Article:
Farm Futures
   Search Site:  Search Site Thursday, April 24, 2014 | Bookmark This Site   
Skip Navigation Links
Home
Markets
News
Weather
Farm Futures NOW!
Magazine Online
RSS News
Mobile
Subscribe
Reprints
Register
Login
About Us
Advertise

Blast Of Winter Rallies Grain Futures

Taste of spring ends quickly, stalling corn planting once again. (Audio)

Published on: May 2, 2013

After profit taking on Wednesday, grain futures are back in rally mode this morning, with corn, soybeans and wheat all headed higher. Scenes of snow are leading the news, again raising concerns about planting delays. Demand is also in the forefront, because ethanol plants last week produced the most biofuel in 18 months. Export news out this morning, along with global economic trends, could keep the markets churning.

Farm Futures Senior Editor Bryce Knorr talks with Pam Jahnke, Wisconsin Farm Report.

Listen to the conversation using the audio link on this page.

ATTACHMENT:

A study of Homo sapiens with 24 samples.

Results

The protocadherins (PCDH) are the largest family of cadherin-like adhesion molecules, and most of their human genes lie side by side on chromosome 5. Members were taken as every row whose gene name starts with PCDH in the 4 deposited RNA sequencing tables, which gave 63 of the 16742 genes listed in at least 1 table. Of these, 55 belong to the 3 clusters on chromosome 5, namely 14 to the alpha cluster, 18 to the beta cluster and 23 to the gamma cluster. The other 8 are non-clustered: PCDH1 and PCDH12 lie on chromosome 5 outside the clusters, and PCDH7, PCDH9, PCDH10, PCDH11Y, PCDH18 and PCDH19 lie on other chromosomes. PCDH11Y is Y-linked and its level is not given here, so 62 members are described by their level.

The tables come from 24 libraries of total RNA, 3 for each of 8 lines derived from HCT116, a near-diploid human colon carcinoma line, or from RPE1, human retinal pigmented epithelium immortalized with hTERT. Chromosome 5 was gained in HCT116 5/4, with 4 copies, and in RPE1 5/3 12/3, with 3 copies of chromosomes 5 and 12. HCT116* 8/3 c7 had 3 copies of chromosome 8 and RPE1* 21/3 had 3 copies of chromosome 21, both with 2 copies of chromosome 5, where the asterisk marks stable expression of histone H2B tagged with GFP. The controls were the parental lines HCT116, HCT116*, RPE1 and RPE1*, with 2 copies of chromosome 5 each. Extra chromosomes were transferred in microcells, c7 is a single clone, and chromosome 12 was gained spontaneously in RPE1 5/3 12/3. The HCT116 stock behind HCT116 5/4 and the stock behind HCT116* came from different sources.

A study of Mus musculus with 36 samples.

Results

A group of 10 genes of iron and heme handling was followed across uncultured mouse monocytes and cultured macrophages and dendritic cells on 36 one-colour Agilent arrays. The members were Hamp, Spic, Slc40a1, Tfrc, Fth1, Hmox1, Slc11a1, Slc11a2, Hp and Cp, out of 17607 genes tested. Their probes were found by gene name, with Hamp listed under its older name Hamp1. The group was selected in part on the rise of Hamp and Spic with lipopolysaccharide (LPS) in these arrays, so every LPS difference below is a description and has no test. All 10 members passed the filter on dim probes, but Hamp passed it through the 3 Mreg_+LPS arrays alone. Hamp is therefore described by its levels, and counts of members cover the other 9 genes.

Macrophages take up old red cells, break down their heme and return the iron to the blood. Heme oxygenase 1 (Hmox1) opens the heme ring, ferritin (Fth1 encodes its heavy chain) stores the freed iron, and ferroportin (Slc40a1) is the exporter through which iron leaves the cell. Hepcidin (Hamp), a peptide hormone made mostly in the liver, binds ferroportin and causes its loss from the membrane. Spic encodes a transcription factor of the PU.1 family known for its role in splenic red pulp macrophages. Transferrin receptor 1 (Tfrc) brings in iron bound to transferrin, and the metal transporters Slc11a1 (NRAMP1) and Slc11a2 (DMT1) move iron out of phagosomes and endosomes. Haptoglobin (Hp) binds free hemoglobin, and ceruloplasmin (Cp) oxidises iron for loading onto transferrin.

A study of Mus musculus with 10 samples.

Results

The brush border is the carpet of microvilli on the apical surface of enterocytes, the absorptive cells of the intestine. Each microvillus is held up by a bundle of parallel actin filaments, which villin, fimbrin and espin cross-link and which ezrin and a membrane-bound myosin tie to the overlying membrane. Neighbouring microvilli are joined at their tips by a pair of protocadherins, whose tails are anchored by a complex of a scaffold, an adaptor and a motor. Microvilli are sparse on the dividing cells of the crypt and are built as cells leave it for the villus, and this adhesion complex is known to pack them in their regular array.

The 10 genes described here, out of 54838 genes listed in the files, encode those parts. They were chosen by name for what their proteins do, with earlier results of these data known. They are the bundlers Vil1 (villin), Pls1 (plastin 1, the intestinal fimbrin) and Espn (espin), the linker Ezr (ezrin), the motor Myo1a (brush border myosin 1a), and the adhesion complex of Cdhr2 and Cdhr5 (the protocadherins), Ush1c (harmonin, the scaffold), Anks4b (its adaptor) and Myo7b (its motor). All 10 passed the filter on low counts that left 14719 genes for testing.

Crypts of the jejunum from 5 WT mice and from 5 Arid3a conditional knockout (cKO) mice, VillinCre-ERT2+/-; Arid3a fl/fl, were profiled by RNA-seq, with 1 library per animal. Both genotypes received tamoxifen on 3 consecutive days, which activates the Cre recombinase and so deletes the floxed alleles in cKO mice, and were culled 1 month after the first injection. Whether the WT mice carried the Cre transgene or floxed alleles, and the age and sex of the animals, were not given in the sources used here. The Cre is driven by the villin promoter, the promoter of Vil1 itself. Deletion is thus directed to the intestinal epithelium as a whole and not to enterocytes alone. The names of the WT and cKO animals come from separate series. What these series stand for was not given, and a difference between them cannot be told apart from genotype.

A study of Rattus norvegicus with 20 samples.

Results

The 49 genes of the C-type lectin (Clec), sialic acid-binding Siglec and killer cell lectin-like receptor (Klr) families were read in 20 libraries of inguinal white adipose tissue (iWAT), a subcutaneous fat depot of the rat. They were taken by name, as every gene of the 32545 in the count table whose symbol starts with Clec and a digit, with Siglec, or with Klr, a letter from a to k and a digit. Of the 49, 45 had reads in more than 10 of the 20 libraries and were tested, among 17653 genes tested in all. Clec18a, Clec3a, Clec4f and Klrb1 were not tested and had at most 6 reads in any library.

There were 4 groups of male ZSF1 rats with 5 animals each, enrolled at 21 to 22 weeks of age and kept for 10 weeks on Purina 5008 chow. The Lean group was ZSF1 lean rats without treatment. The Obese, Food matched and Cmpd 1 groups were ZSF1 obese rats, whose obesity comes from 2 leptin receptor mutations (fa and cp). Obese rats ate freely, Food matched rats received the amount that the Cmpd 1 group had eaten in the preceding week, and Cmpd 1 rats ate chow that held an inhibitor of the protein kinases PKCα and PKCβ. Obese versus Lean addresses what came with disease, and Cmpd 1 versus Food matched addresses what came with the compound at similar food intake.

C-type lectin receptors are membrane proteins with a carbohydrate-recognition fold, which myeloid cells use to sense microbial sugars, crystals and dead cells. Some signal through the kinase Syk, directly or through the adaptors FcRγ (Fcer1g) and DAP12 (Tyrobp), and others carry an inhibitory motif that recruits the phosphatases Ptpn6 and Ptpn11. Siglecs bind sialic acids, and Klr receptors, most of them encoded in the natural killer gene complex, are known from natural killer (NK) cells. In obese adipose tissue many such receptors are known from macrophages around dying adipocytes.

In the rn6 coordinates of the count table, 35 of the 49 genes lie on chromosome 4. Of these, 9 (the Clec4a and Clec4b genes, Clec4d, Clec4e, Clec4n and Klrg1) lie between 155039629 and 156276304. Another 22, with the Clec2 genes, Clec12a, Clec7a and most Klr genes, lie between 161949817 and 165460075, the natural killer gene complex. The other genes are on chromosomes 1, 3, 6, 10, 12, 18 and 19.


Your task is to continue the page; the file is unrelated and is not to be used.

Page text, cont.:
Bryce Knorr, Senior Editor, Farm Futures, first joined Farm Progress Cos. in 1987. In addition to analyzing and writing about the commodity markets, he is a former future introducing broker and is a registered Commodity Trading Advisor. He conducts Farm Futures exclusive surveys on acreage, production and management issues and is one of the analysts regularly contracted by business wire services before major USDA crop reports. Besides the Morning Market Review on FarmFutures.com, he writes weekly reviews for key commodities and crop inputs. A journalist with 38 years of experience, he received the Master Writers Award from the American Agricultural Editors Association.

Taste of spring ends quickly, stalling corn planting once again.
Taste of spring ends quickly, stalling corn planting once again.

Pam Jahnke is Farm Director of the Wisconsin Farm Report that is carried on 16 stations in Wisconsin. Known as the "Fabulous Farm Babe," Pam studied broadcast journalism and broad-area agriculture at the University of Wisconsin-River Falls. After college, Pam moved to farm broadcasting and has never looked back. She says communicating on behalf of food producers is exactly what she was made for. Pam has been named "Friend of Agriculture" by the Wisconsin Department of Agriculture for her assistance in raising awareness of the "Harvest of Hope" program. She has also served as president of the National Association of Farm Broadcasting.